Betsy Hart

"Fewer Mothers Prefer Full-time Work" blared the headline of the recent Pew Research Center study.

As the respected Pew folks put it, "In the span of the past decade, full-time work outside the home has lost some of its appeal to mothers."

And the punch line would be ... Duh?

To paraphrase the findings: among working mothers with children ages 17 or under, only 21 percent say such work is the "ideal situation" for them. That's down from the 32 percent who said full-time work was the ideal back in 1997. Sixty percent of today's working mothers say part-time work would be their first choice, a quarter more than agreed with that statement in 1997. Another 19 percent say they would prefer not working at all outside the home.

Among stay-at-home moms, almost half say that not working at all is their ideal, about an 18 percent increase from those who said so in 1997.

"Preferences" and "real life necessity" don't always match up, of course, but lest some cynic argue that "no one wants to work if they don't have to," the same study showed that 72 percent of dads find working full time to be their ideal and only 12 percent said part-time work would be their first choice.

So this leaves us with:

A) It's not rocket science to discover that women want to be at home much or most of the time with their kids or, to paraphrase writer Danielle Frum, a lot of women have figured out that it's no "achievement" to decide things can be boring and difficult at home and trade that in, only to find out that things can be boring and difficult at work.

And yet:

B) There is this mythology that moms since the beginning of time have been spending three hours of floor time daily with Junior. The reality is, Mom was home — but she was typically working to sustain that home, and Junior was occupying himself, playing with siblings or just padding after her if not doing his own work.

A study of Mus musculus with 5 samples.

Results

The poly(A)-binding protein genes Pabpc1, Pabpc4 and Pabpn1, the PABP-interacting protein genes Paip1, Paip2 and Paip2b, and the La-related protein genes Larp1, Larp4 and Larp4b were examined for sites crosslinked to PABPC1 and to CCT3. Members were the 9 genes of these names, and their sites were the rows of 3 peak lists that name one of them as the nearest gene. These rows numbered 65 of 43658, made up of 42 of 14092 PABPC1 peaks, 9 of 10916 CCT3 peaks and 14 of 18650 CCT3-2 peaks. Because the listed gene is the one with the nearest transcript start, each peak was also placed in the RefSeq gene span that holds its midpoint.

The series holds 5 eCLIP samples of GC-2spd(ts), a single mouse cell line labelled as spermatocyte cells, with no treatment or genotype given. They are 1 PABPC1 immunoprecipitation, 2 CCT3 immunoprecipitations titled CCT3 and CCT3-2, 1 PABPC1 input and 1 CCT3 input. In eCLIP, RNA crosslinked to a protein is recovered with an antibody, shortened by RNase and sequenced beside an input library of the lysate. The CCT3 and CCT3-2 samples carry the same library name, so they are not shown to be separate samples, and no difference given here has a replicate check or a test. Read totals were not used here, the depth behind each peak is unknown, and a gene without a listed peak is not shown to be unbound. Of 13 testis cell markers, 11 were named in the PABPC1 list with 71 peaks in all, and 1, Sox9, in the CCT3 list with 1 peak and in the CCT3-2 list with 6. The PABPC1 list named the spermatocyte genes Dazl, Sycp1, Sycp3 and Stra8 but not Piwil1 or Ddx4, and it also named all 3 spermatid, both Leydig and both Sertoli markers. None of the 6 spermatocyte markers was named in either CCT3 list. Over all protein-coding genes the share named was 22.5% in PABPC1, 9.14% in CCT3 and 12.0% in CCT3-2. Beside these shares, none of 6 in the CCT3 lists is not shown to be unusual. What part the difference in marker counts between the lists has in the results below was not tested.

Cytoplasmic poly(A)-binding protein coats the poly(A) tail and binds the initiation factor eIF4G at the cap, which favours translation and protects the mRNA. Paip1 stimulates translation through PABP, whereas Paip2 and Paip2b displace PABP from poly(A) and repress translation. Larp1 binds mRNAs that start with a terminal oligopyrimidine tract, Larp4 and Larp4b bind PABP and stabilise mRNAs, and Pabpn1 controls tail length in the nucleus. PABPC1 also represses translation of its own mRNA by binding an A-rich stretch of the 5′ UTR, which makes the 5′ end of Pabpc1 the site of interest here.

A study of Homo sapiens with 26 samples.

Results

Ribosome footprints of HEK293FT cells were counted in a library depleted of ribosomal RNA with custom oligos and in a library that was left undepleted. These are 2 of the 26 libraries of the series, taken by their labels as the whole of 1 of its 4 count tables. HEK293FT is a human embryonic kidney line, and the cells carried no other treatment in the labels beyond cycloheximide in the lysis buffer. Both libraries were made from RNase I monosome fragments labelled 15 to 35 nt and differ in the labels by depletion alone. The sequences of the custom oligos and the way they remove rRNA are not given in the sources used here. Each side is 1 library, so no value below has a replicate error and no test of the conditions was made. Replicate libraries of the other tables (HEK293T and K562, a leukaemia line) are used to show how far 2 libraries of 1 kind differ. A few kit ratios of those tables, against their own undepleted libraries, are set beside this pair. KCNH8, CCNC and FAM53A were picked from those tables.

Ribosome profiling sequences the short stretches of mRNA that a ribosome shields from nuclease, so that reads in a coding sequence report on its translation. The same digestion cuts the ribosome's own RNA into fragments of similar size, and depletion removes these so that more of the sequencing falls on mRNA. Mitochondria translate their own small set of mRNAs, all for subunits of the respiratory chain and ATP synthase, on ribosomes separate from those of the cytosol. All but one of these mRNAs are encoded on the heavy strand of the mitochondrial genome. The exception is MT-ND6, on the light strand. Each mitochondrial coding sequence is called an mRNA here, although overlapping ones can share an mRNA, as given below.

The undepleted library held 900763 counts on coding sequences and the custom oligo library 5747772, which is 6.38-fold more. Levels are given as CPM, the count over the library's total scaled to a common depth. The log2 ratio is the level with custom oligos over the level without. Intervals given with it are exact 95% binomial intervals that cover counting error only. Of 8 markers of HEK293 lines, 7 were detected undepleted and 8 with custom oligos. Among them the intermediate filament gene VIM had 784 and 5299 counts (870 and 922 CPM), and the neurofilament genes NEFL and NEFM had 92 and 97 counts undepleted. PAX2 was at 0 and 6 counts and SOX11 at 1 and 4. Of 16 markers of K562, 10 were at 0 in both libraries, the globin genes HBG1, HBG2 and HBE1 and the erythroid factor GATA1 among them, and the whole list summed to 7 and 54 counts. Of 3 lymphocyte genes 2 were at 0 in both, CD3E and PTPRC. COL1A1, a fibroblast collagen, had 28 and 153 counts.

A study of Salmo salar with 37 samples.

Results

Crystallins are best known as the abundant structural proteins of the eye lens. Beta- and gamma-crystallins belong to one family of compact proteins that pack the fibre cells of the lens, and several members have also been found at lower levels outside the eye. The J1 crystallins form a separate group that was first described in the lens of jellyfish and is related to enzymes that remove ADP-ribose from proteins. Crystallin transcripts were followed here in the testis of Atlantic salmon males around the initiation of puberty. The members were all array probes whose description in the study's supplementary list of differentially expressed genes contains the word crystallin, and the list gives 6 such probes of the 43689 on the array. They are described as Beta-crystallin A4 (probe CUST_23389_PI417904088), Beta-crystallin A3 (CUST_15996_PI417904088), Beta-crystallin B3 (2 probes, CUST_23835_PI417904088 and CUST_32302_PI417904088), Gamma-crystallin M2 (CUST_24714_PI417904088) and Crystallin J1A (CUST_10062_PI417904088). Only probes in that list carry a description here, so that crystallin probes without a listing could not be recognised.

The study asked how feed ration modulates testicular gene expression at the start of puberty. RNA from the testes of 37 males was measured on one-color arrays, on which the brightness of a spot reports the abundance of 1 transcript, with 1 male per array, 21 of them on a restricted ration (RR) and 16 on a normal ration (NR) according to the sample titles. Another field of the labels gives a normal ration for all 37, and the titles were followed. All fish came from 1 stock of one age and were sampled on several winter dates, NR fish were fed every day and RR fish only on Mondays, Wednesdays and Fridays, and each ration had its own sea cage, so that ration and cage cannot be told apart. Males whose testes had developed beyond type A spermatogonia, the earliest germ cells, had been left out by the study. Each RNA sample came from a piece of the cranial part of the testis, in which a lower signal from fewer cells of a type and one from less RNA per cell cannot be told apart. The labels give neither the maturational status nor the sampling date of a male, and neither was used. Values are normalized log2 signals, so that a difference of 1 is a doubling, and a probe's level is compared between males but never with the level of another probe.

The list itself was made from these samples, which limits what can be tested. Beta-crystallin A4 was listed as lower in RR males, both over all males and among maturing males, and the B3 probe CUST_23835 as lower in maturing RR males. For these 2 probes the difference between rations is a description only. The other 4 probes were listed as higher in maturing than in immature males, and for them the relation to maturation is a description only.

And my own observation:

C) In our modern society of more convenient living and fewer children, some at-home moms today do have — dare I say it? — a lot of time on their hands, and they fill it by pouring themselves and their time and energy into their kids, or into controlling their kids, in a way that's probably not healthy for anyone.

Have you ever noticed it's typically not the mother of four or five kids who says, "I don't have time to go to the bathroom by myself"? No, it's more often the mom of one or two kids.

This isn't an exhortation to have lots of kids. It's an observation that when we moms are forced to be more "hands-off" because there aren't enough hands, the kids tend to occupy themselves or each other just fine. I think that's a good thing.

So it seems to me that:

D) Over-mothering "alpha" moms may be as unhealthy for kids as the guilty workaholic parents who spoil their child. The dreaded "helicopter parent" can come from either home.

The pendulum on work preferences for moms may be swinging "back" to being in the home. And I think that's great. But let's not idolize that situation, either. How about a middle ground? I've long thought it just makes great sense for almost any mom to find at least something, even if it's volunteer work, that she can do on a part-time basis and forces her to say, at least sometimes to her little one: "Honey, I'm busy."

I remember my own mom pursuing a master's degree when I was very young. I saw that her heart, her "center," was in her home. But I also saw her passion for learning and knowledge, and that she had a life outside — or rather, besides — her five kids. Her identity wasn't wrapped up in us.

There are some folks who think the latter really isn't OK. I would remind them that even the biblical, celebrated wife and mother of Proverbs 31 fame was out buying land and selling garments, according to the text.

We moms do well to remind ourselves and our children, in some fashion, that work in itself is a good thing. After all, it was in the Garden of Eden before the fall.


Betsy Hart

Betsy Hart is a nationally syndicated columnist for the Scripps Howard News Service. Her column on cultural and family issues, “From the Hart,” is distributed each week to hundreds of newspapers cross the country. Betsy’s first book, "It Takes a Parent: How the Culture of Pushover Parenting is Hurting out Kids – and What to do About It," was released in September, 2005, and was a top seller for its publisher, Putnam Books.